This is installment #4 in a series of blogs and articles written to examine the barriers that block persons presumed to have major mental illnesses from living longer and more effective lives. Just to remind those of you who have read any of the previous blogs, I use a model of analysis which can be summarized by the acronym MAP: Mission, i.e., objective and related tasks; Accountability, which, in my model, is first and foremost to the persons being served; and Post-Psychiatry, or, perhaps more accurately, Post-disease model, which relies on psychosocial interventions, with psychoactive medications in an adjunctive and non-central role. More on this in my next blog.
In this blog, I've chosen to take a look at the proprietary or for-profit adult home industry in New York City for several reasons. First, from the time adult homes opened their doors to mental patients newly discharged from State mental hospitals, they have remained essentially unchanged, reminiscent of the hospital back wards from which most of their first residents came.
Second, the homes have never promoted their residents' recovery; rather, they utilize the treatment they do provide, largely psychopharmacological, to secure their residents' acquiescence to barren and authoritarian environments. Finally, New York State, which is constitutionally responsible for the welfare of all State residents determined to have serious mental illnesses, has been recently sued by mental health advocates for failing to ensure appropriate care for all persons with serious mental illnesses currently residing in New York City's adult homes.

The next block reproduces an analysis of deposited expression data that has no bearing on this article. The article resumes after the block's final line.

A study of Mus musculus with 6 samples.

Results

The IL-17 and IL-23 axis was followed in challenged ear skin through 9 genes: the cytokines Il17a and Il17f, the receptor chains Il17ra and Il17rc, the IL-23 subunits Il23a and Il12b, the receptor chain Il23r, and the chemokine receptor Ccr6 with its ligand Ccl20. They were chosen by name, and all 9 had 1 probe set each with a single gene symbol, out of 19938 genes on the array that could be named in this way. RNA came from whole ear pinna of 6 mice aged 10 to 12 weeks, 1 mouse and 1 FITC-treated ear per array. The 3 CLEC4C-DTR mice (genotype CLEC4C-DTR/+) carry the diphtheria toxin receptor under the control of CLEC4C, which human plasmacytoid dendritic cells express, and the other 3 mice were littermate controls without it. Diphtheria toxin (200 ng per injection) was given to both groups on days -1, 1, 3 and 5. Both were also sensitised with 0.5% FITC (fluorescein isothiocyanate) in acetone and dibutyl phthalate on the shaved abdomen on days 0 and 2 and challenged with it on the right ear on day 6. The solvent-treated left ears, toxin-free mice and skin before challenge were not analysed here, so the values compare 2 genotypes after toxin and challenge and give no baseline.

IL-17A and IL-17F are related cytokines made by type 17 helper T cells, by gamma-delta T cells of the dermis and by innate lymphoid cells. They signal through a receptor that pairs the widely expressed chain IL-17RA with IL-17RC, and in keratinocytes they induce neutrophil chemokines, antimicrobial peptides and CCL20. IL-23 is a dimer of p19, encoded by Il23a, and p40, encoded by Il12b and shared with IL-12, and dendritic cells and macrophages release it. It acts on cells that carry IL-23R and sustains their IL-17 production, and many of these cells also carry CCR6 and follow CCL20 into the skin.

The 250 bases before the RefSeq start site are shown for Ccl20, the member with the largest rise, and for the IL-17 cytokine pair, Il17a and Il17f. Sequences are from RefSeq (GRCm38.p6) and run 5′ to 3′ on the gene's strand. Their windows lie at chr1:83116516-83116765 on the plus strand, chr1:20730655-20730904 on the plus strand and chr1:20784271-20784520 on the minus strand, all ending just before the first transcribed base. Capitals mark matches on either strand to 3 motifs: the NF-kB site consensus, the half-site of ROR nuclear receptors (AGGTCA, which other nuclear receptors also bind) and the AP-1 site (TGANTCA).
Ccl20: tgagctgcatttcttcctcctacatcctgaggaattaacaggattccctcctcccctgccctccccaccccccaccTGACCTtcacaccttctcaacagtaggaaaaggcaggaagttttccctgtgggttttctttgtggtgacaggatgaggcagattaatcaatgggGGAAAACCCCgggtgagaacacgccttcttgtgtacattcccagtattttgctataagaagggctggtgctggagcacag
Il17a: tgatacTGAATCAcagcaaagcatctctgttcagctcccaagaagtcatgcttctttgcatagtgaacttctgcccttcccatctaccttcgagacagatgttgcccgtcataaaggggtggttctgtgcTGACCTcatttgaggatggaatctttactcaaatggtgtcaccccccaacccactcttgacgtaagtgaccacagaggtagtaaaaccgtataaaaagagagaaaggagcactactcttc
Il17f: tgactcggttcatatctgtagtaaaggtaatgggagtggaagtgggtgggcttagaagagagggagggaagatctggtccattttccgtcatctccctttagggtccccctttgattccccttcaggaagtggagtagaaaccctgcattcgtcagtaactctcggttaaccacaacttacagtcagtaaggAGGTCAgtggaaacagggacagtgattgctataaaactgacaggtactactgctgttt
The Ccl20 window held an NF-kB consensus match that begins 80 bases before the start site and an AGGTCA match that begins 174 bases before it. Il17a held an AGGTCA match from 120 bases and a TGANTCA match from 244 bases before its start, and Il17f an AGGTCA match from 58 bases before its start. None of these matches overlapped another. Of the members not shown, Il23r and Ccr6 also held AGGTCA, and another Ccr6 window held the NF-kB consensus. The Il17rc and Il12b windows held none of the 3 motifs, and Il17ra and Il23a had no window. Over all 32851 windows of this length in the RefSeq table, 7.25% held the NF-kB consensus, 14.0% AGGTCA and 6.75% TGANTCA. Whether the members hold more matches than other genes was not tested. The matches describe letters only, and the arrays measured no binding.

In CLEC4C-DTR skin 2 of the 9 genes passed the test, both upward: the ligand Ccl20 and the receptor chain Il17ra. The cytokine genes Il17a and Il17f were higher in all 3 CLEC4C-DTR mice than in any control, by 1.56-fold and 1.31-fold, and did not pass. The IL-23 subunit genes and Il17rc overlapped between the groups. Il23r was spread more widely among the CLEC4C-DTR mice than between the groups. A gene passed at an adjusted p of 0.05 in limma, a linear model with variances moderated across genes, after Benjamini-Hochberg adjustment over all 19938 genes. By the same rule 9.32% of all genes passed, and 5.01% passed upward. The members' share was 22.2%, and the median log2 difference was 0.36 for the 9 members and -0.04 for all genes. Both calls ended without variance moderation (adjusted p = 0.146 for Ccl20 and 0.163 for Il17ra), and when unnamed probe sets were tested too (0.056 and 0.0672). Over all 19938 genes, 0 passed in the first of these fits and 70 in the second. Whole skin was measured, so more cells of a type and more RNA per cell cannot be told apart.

Approximately fifty years ago, New York State began to empty out its large mental hospitals, discharging their inmates back to their home communities. The great majority went back to live with their families; but many, particularly older inmates who had been institutionalized for many years, were sent to group homes scattered throughout the state. In New York City, those who didn't go home were discharged to proprietary, i.e., for-profit, adult homes or to SRO's, i.e., single room occupancy hotels.
The adult homes had originally been built, at the State's behest, to house what was anticipated to be a rapidly increasing post-war elderly population that would require independent housing. When this cohort never materialized, the State fulfilled its end of the bargain with the adult home proprietors by filling their homes with mental hospital discharges, a largely one-way flow that has continued over these past fifty years as the State's institutionalized population has dropped from nearly 90,000 to less than 3,000.
At present, 28 homes, licensed by the State Department of Health and located in the farthest reaches of the City, house over 4,000 residents, virtually all of whom have Axis I diagnoses, are poor and receive SSI and Medicaid. From the very outset, the homes were considered by advocates and the residents themselves as re-creations of the State hospitals, warehouses for the recently discharged relocated from the nearby suburbs to the City's neighborhoods. Many of their original residents were the hospitals' "back ward" patients, believed to be irrevocably regressed and cognitively impaired, requiring total care and supervision, suffering, in short, from what Goffman termed "institutionalization syndrome."